This Independence Day weekend, runners took to Peachtree Street to celebrate an annual tradition … no, not that one; the other one.
On Sunday evening, as preparations were underway for the July 4 Peachtree Road Race, which would attract almost 60,000 runners, a much smaller group of athletes gathered at the race’s starting line.
These 60 participants were there for the third annual Peachtree Road Rage, an unsanctioned street race organized by Kyle Torok.
“It’s not sanctioned by any governing body or authority,” he said. “No one gave us permission … no one told us no. Why keep it that way? Why not? Why does everything in Atlanta have to be through permits and allowances? Why do we have to check in with Mom and Dad?”
The race followed a route identical to its larger counterpart, that is south on Peachtree Street then east on 10th Street, ending at the Charles Allen Gate in Piedmont Park.
When asked about safety concerns about running a race through open streets, Torok pointed out that all those who registered were experienced runners.
“People run in this city all the time,” he explained. “We have a rich running tradition. It’s no more dangerous than getting on a plane.”
Returning Road Rage runner John Davenport cited the appeal of the small group.
“I hate being surrounded by 60,000 people,” he said. “I’d rather it be a small collective group of fun people that I know, that’s always a good time.”
As rain poured on Buckhead minutes before the race was to begin, Torok gave the runners some last-minute “encouragement.”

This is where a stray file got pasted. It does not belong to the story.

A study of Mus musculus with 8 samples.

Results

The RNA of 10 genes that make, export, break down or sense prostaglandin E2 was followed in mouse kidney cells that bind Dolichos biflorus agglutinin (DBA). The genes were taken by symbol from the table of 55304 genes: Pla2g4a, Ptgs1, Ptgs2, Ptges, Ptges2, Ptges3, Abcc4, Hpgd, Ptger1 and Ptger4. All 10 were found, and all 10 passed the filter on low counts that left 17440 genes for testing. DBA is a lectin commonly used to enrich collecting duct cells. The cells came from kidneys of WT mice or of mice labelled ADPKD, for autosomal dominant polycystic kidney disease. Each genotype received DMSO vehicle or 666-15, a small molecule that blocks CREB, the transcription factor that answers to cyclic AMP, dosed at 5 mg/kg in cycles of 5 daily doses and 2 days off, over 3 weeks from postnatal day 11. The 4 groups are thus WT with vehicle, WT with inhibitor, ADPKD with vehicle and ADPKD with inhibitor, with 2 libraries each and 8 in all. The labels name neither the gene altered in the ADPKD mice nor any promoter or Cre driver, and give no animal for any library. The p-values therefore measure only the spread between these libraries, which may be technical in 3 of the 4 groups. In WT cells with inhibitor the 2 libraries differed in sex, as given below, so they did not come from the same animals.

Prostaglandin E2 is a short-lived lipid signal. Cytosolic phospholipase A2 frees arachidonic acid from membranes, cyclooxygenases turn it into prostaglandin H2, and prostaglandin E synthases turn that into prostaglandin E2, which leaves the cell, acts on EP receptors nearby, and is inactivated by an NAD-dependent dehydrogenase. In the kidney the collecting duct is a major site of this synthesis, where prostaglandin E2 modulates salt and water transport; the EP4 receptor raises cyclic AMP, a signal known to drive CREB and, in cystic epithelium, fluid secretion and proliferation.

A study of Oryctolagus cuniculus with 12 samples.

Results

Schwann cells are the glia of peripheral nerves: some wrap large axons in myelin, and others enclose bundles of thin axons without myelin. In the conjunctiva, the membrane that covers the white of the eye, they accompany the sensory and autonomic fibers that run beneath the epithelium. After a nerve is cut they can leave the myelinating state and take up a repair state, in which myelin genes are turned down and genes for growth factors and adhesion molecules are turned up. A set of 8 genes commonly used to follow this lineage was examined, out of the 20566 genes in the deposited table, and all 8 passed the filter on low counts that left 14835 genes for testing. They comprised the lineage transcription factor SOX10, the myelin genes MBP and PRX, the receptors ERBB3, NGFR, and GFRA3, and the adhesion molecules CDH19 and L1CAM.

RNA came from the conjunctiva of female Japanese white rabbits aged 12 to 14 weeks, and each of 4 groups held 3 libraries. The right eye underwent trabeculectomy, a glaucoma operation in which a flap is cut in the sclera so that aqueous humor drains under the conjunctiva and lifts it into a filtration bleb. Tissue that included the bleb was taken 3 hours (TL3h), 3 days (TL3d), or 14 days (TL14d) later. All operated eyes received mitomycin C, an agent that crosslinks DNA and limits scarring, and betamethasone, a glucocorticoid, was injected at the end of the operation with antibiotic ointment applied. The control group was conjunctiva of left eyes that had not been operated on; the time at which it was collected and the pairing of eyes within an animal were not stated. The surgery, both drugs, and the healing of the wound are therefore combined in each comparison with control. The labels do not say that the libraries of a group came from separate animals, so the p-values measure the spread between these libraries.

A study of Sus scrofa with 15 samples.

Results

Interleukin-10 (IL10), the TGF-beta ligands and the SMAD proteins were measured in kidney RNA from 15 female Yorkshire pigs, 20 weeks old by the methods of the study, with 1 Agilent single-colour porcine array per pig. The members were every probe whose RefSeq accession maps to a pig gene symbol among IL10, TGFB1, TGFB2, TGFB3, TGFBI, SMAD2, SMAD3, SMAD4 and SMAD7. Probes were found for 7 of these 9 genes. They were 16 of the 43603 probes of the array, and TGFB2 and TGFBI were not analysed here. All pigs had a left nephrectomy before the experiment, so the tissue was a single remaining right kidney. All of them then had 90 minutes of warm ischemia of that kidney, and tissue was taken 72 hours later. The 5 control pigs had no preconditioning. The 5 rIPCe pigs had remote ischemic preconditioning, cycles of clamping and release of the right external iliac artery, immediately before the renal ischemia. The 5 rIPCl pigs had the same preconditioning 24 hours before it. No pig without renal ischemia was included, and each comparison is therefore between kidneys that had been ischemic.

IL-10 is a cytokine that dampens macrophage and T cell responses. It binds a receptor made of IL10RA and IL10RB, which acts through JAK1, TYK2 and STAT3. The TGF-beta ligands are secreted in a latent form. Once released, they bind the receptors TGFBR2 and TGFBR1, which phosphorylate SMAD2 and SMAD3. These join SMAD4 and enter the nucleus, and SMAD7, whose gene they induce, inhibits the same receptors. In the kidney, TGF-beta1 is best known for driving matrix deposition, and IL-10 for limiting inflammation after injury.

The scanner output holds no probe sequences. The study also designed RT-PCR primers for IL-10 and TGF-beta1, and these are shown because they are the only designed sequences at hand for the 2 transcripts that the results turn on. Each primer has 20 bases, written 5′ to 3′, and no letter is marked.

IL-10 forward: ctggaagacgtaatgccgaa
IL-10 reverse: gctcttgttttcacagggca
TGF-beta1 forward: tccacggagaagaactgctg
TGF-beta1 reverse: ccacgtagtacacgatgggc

“There is no glory in this!” he yelled at the crowd, “There are no bragging rights! The male and female winners each get a peach pie, that’s about as glorious as it gets.”
With that, he blew a whistle and the dampened runners were off down Peachtree.
Participant Eli Dickerson was first to cross the finish line, completing the 10k in just over 39 minutes. He call the Road Rage “the funnest race in Atlanta.”
“I love this race because they don’t take themselves too seriously,” he said, “and none of the runners do either. And it’s fun! Sixty of your closest friends out crushing it the night before the big event, hanging out in the park. What’s not to love?”
It’s hard to argue with that kind of enthusiasm from a man who just ran 6.2 miles just to do it. Catching up with Torok, he said that all of it — the small number of runners, the bucking of rules, the devil-may-care attitude — speaks to a desire to do something unique and rough around the edges.
“[The runners] want a piece of the city, and they want to contribute to something that makes it great,” he explained. “So that you can run through the streets that are yours as a citizen, so that you can have a beverage and a couple of peaches.”
And for the runners of the Peachtree Road Rage, that’s reward enough.